RYE, N.Y. (CNS) — Dust off the raffle barrel! Bring it to the front of the church! There will be winners today!
At the intersection of arithmetic and justice, pastors in the Archdiocese of New York are conducting distinctive raffles to distribute the limited tickets allocated to each parish for the Sept. 25 papal Mass at Madison Square Garden.
Father Michael P. Kerrigan, pastor of St. John-Visitation Parish in the Bronx, had 10 tickets to spread among parishioners of his newly merged parish in the Kingsbridge neighborhood. He located the classic Lucite raffle barrel in the garage of the church he has served for almost two years. With the careful application of a cardboard patch and some duct tape, it was the perfect vehicle for the advertised raffle.
At the end of each Mass the weekend of Sept. 12 and 13, an usher emptied collection envelopes from the locked offertory bag into the drum. Father Kerrigan chose two winners at each Mass. On Saturday night, two students from St. Joseph’s Seminary who spoke at the Mass were pressed into service to move the barrel into place and turn it to mix the entries.
Helen Ferris was the first winner. A lifelong parishioner who was baptized in the church, Ferris was surprised at her good fortune and delighted for the opportunity to attend the Mass. This will be the third pope she will see in New York. In 2008, she waited on Fifth Avenue for hours to get a glimpse of Pope Benedict XVI.
At the 10 a.m. Mass on Sunday, winner Veronica Rodriguez said she was so emotional her eyes watered. “Oh, my gosh! I had prayed to win,” she told CNS. She said she told other members of her prayer group it was a sure sign of a true and living God. “When you ask, he will give it to you.”
Father Kerrigan said he thought the parishioners might appreciate a little drama, akin to the presentation of hockey’s Stanley Cup. Ultimately, he was looking for a good and fair way to acknowledge loyal parishioners who come to church each week, he said.
The Archdiocese of New York claims more than 5.8 million parishioners in 294 parishes in 10 counties. Madison Square Garden holds approximately 20,000 people. Catholics in neighboring dioceses in New York, Connecticut and New Jersey also are interested in attending the Mass. Those dioceses will get share a modest number of tickets. But don’t get out the calculator: Not all of the tickets are earmarked for parishioners.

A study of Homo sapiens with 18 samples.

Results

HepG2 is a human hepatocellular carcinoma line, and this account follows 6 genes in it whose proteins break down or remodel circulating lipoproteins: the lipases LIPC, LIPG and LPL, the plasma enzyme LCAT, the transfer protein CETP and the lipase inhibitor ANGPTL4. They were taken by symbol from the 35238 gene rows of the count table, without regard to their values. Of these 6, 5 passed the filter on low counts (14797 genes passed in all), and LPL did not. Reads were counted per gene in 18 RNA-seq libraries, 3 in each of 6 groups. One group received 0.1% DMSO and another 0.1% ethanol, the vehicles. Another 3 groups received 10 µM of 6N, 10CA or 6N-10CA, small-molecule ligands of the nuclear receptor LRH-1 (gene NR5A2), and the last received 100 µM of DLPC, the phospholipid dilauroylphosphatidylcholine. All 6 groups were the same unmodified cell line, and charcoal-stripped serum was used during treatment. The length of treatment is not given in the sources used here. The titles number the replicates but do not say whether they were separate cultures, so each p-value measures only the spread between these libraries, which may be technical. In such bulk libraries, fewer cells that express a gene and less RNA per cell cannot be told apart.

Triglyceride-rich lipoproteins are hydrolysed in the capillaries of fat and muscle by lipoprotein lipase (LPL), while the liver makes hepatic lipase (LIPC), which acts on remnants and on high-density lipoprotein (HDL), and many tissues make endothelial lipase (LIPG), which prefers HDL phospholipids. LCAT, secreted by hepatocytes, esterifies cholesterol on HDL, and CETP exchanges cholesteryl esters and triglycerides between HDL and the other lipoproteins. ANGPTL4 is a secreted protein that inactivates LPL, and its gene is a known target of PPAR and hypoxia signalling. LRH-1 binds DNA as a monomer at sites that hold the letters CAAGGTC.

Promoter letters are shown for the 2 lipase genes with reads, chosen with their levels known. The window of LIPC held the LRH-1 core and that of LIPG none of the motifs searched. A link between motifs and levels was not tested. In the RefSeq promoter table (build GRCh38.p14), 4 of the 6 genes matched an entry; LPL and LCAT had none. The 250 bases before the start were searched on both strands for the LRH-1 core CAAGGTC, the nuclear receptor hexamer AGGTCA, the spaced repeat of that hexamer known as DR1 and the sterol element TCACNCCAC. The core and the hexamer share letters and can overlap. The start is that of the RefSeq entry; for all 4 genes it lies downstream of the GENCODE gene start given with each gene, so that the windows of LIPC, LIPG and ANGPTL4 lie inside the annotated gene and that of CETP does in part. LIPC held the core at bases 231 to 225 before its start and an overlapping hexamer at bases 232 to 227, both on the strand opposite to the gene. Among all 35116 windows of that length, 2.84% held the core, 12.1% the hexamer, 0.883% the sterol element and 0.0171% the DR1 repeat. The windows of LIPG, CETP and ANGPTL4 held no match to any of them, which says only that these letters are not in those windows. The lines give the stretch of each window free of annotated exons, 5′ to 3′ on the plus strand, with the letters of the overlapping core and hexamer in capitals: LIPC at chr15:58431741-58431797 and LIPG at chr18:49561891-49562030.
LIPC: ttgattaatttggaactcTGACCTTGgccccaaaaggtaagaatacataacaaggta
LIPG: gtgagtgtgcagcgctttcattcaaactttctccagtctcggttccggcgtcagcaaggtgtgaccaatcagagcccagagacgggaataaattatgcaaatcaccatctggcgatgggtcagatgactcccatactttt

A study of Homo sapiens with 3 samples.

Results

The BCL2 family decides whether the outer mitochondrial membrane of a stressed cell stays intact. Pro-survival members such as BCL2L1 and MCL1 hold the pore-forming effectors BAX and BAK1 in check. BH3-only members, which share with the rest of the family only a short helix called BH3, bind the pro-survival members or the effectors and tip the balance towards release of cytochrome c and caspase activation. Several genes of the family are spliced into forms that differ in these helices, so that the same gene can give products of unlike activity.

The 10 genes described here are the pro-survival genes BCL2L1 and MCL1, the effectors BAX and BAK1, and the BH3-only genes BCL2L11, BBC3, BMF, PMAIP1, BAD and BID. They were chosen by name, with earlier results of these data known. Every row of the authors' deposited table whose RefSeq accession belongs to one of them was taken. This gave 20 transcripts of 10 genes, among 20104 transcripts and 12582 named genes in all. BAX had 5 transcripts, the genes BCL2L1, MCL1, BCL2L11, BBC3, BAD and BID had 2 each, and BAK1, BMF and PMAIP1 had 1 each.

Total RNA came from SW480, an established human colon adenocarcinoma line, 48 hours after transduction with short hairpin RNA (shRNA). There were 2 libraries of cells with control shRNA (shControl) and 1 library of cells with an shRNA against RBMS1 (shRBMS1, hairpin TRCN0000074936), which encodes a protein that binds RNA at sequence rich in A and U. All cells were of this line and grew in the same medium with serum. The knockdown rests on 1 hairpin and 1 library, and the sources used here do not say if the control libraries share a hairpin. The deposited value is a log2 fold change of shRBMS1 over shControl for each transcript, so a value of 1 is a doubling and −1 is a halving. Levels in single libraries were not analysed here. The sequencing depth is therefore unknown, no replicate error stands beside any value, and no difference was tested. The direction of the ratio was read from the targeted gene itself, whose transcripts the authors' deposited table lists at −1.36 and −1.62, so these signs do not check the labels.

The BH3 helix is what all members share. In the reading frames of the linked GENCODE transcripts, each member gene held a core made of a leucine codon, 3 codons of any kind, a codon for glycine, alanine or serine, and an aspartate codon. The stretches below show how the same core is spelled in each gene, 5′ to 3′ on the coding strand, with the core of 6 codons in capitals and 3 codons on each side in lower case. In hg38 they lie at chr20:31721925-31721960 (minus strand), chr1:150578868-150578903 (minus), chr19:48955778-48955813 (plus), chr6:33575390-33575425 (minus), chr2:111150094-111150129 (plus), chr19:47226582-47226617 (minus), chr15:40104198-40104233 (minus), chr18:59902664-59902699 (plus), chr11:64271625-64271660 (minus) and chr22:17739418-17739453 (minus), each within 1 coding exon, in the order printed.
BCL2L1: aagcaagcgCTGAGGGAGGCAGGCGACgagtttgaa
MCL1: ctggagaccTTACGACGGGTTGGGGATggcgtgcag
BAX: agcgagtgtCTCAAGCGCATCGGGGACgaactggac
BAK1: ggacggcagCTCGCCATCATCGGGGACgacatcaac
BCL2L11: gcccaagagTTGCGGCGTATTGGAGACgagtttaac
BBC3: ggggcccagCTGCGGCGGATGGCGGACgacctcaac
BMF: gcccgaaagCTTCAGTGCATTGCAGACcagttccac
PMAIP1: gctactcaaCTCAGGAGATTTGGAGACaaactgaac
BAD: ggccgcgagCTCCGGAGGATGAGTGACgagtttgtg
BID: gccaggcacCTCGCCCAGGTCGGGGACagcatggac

According to archdiocesan Joseph Zwilling, archdiocesan director of communications tickets allocated to parishes were based on average Sunday Mass attendance. Parishes affected by a widespread merger during the summer received “the total for the average of the two previous unmerged parishes,” he told CNS.
Anecdotal information suggests ticket allotment ranged widely, from a low of 10 to a high greater than 50. Some parishes used a first-come, first-served call-in system; others set aside a few for staff and trustees before opening a lottery; many went directly to a raffle.
Msgr. Donald M. Dwyer, pastor of Resurrection Parish in Rye, recruited Pope Francis to help. Actually, Msgr. Dwyer placed a life-size cardboard cutout of the pontiff in front of the pulpit to oversee the bowl in which people put their names.
He said more than 250 people entered for a chance to win a set of three tickets, “far surpassing anything in my wildest dreams,” Msgr. Dwyer said. He chose a lottery to offer tickets to a cross section of the suburban parish and make the process “completely democratic,” he said. Distributing them in threes is a way to help families attend Mass together, he said.
Two schoolchildren and the parish secretary helped the pastor pick the 17 winners out of the bowl. He heard screams of excitement when people received the good news over the phone, he said.
Cheryl Committo, administrator at Holy Name of Mary in Croton-on-Hudson, said an announcement was made at Masses that 10 tickets were available and interested people should call the parish office. “I wanted it to be transparent and I didn’t want to attract people skimming through parish websites looking for tickets. I felt they should go to our parishioners,” she said.
Callers’ names were checked against the parish roster and put into a “Whom Shall I Send” jar Committo decorated with a picture of Pope Francis. Father Brian Brennan, the pastor pulled the names of winners of five pairs of tickets.
At St. Stephen, the First Martyr in Warwick, pastor Father Jack Arlotta allocated 33 tickets by drawing entrants’ names from a bag. In Manhattan, Father Austin Titus raffled four tickets at each of five weekend Masses at Epiphany.
Tickets will not be delivered to the parishes until the week of the papal Mass. Lottery entrants at each parish were advised to be prepared to get themselves to Madison Square Garden via public transportation and plan to spend the afternoon and evening there.
In addition, Father Kerrigan reminded potentials winners that the tickets had to be used by themselves or family members and not sold.
Some of the 80,000 tickets offered by the city of New York for the papal motorcade through Central Park en route to the Mass have been offered for sale on Craigslist and eBay. In a statement, Cardinal Timothy M. Dolan of New York said to attempt and resell the tickets and profit from the pope’s time in New York “goes against everything Pope Francis stands for.”